Josephine Dolan on 'Old age', gender and the silvering of contemporary Hollywood cinema
The research project Ageing + Communication + Technologies (ACT) invites you to a public lecture by Josephine Dolan and a subsequent reception, to be held in the Department of Communication Studies at Concordia University on October 5, 2017.
Please register on the Eventbrite page. More details on this event are also available on the ACT event page.
‘Old age’, gender and the silvering of contemporary Hollywood cinema: economics and ideologies
This lecture is concerned with ‘old age’ and its gendered meanings within the Hollywood conglomerate’s audience/star/narrative triad. Asking, “How is ‘old age’ used by contemporary cinema?”, this lecture will tease out the dual meanings of ‘silvering’ - profit and the signs of ageing – as they are exploited within the ‘economy of celebrity’. Discussion will establish the dynamic between film audiences and broader consumer culture through the spin-off products and tourist gazes of Mamma Mia! The Movie and The Best Exotic Marigold Hotel, and through the ‘late style’ images of Judi Dench, Diane Keaton and Clint Eastwood. From this position, BrainAge and Nespresso product endorsements by ageing celebrities such as Patrick Stewart, Nicole Kidman and Danny de Vito will foreground the ideological normalisation of deferred retirement, a troubling feminisation of cognitive decline, and the play of mutual support offered by film storylines such as Last Orders, Going in Style and RED, or Iris and The Iron Lady. Consistently, the play of support across the celebrity/storyline nexus constitutes ageing femininity in terms of a prematurely lost youth in want of rejuvenatory intervention. In marked contrast, in formations of masculinity, youth is the raw material to be worked on by the ageing processes that produce a treasured vintage. Overall, this lecture argues that the Hollywood conglomerate does not simply gender ‘old age’, but that ‘old age’ is used to shore up the gender binary.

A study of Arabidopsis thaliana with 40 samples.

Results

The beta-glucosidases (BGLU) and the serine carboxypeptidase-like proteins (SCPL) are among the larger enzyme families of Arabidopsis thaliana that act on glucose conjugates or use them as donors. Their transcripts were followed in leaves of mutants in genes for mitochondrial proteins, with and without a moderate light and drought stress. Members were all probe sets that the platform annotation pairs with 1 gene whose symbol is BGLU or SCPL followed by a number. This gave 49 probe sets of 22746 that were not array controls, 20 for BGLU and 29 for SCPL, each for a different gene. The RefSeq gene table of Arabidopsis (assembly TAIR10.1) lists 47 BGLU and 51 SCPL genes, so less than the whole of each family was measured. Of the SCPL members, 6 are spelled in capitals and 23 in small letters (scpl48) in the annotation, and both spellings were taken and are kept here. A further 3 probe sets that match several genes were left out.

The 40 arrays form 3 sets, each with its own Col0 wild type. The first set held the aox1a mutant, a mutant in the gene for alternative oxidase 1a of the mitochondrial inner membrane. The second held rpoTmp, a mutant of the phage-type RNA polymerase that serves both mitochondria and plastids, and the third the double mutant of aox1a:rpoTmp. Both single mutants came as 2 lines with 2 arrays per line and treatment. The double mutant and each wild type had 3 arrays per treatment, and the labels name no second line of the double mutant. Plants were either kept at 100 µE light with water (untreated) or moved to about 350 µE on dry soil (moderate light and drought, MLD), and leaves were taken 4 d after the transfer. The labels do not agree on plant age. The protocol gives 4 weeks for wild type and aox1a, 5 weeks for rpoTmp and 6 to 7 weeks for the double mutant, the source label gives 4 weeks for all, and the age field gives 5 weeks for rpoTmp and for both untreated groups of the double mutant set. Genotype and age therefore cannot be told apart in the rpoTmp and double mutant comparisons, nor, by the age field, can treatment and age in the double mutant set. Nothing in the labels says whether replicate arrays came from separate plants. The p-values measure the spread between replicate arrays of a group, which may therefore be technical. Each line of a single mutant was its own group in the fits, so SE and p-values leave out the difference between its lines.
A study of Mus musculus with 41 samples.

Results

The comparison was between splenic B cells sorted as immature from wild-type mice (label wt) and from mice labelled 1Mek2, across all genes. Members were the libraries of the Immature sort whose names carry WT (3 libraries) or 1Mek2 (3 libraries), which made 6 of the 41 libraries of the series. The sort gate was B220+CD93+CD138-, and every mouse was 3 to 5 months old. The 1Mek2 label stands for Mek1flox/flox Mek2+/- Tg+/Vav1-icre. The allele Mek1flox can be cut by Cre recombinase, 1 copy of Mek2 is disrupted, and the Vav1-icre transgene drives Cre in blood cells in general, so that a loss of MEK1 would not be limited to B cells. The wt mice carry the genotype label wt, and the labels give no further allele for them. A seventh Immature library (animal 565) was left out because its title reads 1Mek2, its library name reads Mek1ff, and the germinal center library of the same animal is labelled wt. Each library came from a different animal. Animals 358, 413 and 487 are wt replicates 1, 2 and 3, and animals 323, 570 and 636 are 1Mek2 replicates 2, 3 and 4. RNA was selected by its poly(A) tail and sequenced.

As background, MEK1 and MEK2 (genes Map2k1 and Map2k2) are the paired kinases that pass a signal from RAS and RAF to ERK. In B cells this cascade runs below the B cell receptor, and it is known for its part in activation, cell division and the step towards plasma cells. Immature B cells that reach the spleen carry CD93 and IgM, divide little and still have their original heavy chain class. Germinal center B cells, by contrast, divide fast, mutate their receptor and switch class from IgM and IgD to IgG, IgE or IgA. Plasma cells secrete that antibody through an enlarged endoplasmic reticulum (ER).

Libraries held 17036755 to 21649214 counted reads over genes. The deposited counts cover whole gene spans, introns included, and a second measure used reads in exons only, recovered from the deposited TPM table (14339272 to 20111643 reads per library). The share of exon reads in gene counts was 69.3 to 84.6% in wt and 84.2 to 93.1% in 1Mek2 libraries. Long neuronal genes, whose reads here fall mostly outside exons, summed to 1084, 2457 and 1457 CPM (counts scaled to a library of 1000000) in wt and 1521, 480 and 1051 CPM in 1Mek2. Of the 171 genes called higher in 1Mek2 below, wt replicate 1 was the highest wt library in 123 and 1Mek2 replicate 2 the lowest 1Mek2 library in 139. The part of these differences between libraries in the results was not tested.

Josephine Dolan is an independent scholar who researches at the intersection of popular cinema and ‘old age’. She is a Visiting Reader with WAM (Centre for Women, Ageing & Media) of which she is a founding member. She is also actively engaged with the SSHRC-funded, Concordia-based ACT project (Ageing + Communication + Technologies), ENAS (European Network of Aging Studies) and NANAS (North American Network of Aging Studies). Her numerous publications include Contemporary cinema and ‘old age’: gender and the silvering of stardom (2017). She co-edited Aging Femininities: Troubling Representations (2012) and has presented evidence on older women and the media to committees from both the House of Commons and the House of Lords.
The event is sponsored by Concordia University's Feminist Media Studio, engAGE and Department of Communication Studies. This event is also supported by the Social Sciences and Humanities Research Council of Canada.